Twilight Dance Series July 22, 2010


Tonight the Twilight Dance Series at the Santa Monica Pier will feature Jovanotti, Jace Everett and Ana Tijoux. As always, the shows are free and start at 7 pm.

Jovanotti (aka Lorenzo Cherubini) fills stadiums in his native Italy and throughout Latin America. He sets out this summer to bring his synthesis of rap and rock to festivals across America. Jovanotti’s music has transformed from its early roots in hip-hop and rap to a broader hybrid, incorporating pointed lyrics which address philosophical, religious, social, and political issues, more typical of a singer-songwriter, Italian cantautore tradition.

Jovanotti has recorded eleven studio albums, the four most recent releases reaching #1 in Italy. Over the past twenty years Jovanotti has collaborated with Brazil’s Daniela Mercury, Sergio Mendes and Carlinhos Brown, and recorded alongside Ben Harper, Michael Franti (Spearhead) and Bono (U2).

Jovanotti appears on several international compilations, most notably Red Hot + Rhapsody, a 1998 tribute to George Gershwin, on which he performs “I Got Rhythm.” His song “Piove” is featured on the CD Peppers & Eggs from the soundtrack of the TV series The Sopranos.


Indiana-born, Texas-raised, singer/songwriter Jace Everett became enamored by both gospel music and the works of Willie Nelson and Waylon Jennings in his teenage years. Jace’s upbringing in the evangelical church and his far-flung travels are apparent in his songs: “The church is where I learned about music, played bass and did my first real public singing…where the girls thought I was really cool. I’ve always been attracted to emotionally and spiritually mature themes, both philosophically and musically.”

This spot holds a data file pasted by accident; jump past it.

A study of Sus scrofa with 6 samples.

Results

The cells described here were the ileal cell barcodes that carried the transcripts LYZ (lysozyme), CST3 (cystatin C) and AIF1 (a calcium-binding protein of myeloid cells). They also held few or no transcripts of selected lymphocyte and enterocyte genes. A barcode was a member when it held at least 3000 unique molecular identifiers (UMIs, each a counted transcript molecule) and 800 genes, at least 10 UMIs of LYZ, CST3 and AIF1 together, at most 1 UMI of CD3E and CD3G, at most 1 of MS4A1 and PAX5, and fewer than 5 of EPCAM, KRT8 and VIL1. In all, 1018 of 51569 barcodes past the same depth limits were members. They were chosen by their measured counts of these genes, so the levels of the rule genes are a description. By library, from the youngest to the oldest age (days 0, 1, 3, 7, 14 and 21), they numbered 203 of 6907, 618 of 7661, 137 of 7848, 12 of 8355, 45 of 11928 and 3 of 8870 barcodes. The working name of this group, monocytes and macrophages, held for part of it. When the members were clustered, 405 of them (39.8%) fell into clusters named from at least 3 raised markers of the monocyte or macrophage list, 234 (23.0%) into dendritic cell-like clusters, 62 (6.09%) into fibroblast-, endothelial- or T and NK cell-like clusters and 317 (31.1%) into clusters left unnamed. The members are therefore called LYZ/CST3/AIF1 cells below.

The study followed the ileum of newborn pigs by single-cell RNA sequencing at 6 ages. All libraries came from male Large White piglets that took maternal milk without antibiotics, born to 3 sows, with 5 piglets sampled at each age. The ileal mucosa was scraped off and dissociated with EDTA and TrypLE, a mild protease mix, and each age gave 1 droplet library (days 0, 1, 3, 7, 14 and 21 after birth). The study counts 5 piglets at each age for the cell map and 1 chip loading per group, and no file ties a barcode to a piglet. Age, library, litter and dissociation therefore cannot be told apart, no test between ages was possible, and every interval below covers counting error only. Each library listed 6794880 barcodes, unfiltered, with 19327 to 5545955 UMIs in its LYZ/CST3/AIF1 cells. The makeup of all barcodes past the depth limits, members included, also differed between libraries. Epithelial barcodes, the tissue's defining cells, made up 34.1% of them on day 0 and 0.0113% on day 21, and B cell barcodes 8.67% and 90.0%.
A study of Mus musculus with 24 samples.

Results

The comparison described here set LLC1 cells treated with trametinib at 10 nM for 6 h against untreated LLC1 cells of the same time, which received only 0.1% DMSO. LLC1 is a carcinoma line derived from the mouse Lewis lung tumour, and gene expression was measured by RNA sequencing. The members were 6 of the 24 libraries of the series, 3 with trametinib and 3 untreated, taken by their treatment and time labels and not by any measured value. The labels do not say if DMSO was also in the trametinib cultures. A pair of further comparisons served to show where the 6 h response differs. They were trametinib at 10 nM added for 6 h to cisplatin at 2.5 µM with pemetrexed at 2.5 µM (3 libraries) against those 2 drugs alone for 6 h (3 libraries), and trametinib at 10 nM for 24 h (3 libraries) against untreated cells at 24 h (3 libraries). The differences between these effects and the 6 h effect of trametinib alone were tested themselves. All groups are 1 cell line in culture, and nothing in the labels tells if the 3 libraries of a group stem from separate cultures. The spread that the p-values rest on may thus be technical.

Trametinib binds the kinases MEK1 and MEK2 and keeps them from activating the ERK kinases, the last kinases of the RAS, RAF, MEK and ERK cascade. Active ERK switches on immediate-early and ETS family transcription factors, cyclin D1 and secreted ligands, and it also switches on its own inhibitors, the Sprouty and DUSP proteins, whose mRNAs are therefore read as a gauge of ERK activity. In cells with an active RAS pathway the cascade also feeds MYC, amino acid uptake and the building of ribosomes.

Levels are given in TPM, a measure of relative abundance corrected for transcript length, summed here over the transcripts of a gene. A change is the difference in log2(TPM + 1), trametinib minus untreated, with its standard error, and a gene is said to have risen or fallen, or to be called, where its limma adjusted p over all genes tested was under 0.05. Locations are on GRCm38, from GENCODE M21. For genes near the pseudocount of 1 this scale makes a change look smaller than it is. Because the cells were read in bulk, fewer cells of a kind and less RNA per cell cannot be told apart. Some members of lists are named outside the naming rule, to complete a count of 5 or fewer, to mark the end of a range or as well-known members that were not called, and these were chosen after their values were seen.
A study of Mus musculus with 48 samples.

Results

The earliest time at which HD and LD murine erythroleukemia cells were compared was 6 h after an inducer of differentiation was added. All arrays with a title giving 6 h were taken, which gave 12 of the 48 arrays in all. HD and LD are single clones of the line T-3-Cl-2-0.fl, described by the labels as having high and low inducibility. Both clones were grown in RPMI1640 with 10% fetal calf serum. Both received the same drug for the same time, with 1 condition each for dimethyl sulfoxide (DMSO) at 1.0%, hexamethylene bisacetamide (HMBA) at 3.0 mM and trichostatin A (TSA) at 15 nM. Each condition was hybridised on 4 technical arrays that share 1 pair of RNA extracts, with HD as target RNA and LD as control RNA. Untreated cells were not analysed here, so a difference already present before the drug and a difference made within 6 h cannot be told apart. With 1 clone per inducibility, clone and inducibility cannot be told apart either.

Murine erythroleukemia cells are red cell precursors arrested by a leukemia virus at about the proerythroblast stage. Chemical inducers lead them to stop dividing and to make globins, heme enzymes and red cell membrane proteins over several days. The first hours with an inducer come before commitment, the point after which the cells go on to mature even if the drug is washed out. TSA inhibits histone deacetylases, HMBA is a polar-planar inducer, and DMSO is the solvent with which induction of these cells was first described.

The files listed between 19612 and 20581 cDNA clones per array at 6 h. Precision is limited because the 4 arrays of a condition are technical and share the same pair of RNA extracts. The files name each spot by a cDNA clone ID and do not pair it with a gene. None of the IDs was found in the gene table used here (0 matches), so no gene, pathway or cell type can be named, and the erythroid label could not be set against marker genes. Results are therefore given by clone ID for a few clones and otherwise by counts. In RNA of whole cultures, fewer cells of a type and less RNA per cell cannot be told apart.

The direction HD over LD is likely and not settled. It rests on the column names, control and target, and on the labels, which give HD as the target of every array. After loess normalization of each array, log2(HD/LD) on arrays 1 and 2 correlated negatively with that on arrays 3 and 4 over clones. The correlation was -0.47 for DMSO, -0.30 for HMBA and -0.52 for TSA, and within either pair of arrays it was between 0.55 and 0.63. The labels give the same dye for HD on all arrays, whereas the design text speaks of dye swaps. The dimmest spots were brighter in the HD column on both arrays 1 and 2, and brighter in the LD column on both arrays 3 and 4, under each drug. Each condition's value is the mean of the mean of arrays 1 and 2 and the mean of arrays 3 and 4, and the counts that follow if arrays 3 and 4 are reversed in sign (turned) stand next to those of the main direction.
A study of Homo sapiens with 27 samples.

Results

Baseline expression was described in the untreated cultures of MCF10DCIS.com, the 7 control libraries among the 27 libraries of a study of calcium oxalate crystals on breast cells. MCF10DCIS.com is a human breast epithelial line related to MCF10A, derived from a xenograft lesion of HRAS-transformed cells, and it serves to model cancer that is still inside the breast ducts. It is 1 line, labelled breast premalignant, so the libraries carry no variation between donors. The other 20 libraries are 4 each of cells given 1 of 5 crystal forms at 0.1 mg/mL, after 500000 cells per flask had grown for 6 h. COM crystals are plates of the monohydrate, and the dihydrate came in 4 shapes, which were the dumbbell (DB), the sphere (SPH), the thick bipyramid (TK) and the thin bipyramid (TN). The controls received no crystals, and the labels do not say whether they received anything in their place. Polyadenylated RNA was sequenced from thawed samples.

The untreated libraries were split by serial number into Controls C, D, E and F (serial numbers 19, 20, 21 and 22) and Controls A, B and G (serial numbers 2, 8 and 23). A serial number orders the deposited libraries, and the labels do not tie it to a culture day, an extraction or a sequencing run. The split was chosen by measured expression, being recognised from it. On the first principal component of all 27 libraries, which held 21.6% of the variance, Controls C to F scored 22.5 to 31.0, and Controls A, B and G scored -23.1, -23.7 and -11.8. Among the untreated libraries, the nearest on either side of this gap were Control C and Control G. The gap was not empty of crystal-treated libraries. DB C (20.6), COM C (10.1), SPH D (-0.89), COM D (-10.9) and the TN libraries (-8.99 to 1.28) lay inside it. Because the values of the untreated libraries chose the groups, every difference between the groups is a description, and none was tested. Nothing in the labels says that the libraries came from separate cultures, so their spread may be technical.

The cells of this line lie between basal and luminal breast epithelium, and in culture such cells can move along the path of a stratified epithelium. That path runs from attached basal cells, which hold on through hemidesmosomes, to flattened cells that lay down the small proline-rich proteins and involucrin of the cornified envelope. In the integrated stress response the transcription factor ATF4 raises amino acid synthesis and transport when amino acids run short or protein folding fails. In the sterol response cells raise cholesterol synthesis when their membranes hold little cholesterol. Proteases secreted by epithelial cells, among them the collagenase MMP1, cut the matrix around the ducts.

Jace’s song ‘Bad Things’ is the “theme” song, heard over the opening title montage of True Blood, HBO”s most successful series since The Sopranos. As the third season begins, Jace Everett releases his own new album “Red Revelations” and hits the road playing these songs. Everett’s music evokes the complex, vividly emotional terrain of his diverse influences; Roy Orbison, Jerry Lee Lewis, Ray Charles, Jim Morrison, Elvis Presley, Johnny Cash and Marvin Gaye; and springs from the same sources of inspiration, contradiction and risk.

Chilean hip-hop artist Ana Tijoux was born in France to a French mother and a Chilean father while they were living in exile during the Pinochet dictatorship. After the country’s return to democracy, the family moved back to Chile. While studying literature in school, Anita began immersing herself in Santiago’s hip-hop underground. Rhyming first in French, then later in Spanish, Tijoux found “…a platform to talk about all kinds of things” in a way that was cathartic.

Ana Tijoux is one of those rare rappers who actually can carry a tune as gracefully as she can craft a lyric. Her singing abilities have caused her to be recruited to perform on tracks with the Argentine electronic-tango-alternative group Bajofondo, and to pair up with Mexican rocker Julieta Venegas on her hit song “Eres Para Mi.”

She has developed a growing following with her jazz-inflected, ‘90s trip-hop, unusually melodic rapping and witty, politically savvy lyrics. Her U.S. debut, 1977, is name after the year of her birth and has just been released by Nacional Records. Anita describes her chosen art form thus: “Hip-hop was born as an art of daring, celebrating, struggling.”